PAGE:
The legendary Ho Chi Minh Trail runs through the Truong Son mountain range and is a complex system of 1,600 kilometres of paths, roads and rivers. This supply route connected North Vietnam with South Vietnam during the Vietnam War, via neighbouring Laos and Cambodia. The trail was put into operation in 1959. Through the supply route, the Viet Cong (VC) in the South were supplied with ammunition and manpower by the North Vietnamese Army (NVA). The support was badly needed in the fight against the Amy of the Republic of Vietnam (ARVN), which was trained and closely affiliated with the United States.
Ho Chi Minh Trail vs. Ho Chi Minh Road
Currently, it is possible to drive parts of the Ho Chi Minh Trail, via the Ho Chi Minh Road (Duong Ho Chi Minh). Although large parts of the original Ho Chi Minh Trail have been reclaimed by tropical nature, more than a thousand kilometres of the route have merged into the Ho Chi Minh Road, which runs from Hanoi to Kon Tum. Along the way you’ll pass the war-drenched Demilitarized Zone (DMZ) and cross the beautiful Central Highlands of Vietnam. Different ethnic minorities live in the surrounding jungle according to their own customs and traditions.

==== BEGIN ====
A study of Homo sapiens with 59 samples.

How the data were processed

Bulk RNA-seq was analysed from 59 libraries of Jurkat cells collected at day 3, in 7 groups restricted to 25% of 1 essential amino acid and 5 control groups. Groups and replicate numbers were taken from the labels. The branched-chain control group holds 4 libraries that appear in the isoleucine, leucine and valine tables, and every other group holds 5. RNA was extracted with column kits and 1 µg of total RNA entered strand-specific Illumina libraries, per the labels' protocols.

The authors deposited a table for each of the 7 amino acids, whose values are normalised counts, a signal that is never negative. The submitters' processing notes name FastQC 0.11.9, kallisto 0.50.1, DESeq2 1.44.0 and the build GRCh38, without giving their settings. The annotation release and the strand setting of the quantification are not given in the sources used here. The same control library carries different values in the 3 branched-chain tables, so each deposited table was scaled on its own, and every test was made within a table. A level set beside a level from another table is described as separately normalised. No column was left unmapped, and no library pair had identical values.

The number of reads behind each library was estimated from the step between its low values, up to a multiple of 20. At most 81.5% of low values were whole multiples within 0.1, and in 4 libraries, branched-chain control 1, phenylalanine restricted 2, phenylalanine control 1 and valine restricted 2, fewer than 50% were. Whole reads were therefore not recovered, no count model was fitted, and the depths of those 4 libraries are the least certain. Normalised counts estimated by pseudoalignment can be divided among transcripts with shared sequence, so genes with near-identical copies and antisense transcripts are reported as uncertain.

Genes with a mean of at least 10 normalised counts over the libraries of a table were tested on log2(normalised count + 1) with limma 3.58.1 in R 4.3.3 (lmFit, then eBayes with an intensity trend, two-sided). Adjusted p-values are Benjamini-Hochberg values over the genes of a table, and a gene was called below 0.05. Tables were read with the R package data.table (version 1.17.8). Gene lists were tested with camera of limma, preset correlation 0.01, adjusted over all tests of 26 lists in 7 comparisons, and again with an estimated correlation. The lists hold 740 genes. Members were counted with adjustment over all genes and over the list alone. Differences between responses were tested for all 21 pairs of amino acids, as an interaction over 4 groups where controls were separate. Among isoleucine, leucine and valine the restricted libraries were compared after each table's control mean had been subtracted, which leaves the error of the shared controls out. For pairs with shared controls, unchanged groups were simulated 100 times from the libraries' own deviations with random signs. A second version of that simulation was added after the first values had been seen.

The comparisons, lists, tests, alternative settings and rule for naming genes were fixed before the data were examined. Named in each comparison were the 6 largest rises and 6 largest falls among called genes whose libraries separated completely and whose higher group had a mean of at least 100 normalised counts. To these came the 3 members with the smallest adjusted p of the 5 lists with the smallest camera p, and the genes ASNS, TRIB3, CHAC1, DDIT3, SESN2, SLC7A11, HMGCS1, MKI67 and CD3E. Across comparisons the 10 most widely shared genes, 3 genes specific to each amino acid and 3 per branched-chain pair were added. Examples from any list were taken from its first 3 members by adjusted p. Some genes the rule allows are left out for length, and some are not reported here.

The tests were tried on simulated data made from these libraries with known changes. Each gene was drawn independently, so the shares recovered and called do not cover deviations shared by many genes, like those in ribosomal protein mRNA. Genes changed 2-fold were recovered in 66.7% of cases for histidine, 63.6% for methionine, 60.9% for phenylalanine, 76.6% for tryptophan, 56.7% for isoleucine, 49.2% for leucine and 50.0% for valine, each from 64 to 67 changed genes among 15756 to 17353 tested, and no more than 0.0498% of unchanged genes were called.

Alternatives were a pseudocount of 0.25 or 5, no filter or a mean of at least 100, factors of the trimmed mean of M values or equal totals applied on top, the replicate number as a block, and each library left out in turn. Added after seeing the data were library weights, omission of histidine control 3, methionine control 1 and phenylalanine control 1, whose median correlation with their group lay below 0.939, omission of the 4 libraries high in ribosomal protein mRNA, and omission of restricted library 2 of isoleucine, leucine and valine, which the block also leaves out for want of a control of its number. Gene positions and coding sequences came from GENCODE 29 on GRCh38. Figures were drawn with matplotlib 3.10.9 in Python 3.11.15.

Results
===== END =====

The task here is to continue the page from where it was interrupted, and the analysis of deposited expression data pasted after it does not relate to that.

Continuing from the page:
Explore the Ho Chi Minh Trail by Motorbike
To enjoy the beautiful landscape and authenticity of Vietnam to the fullest, the best way to explore the Ho Chi Minh Trail is with an Easy Rider: a local guide on a motorbike. Riding a motorbike gives you the freedom that you won’t have during a group tour or when using public transport (which is pretty basic in this part of the country). During a tour you get the opportunity to walk parts of the original Ho Chi Minh Trail.
In North Vietnam, you can be driving the Ho Chi Minh Trail from Phong Nha in no time. Starting from Hoi An, Quy Nhon or Dalat, you will also cross the Central Highlands.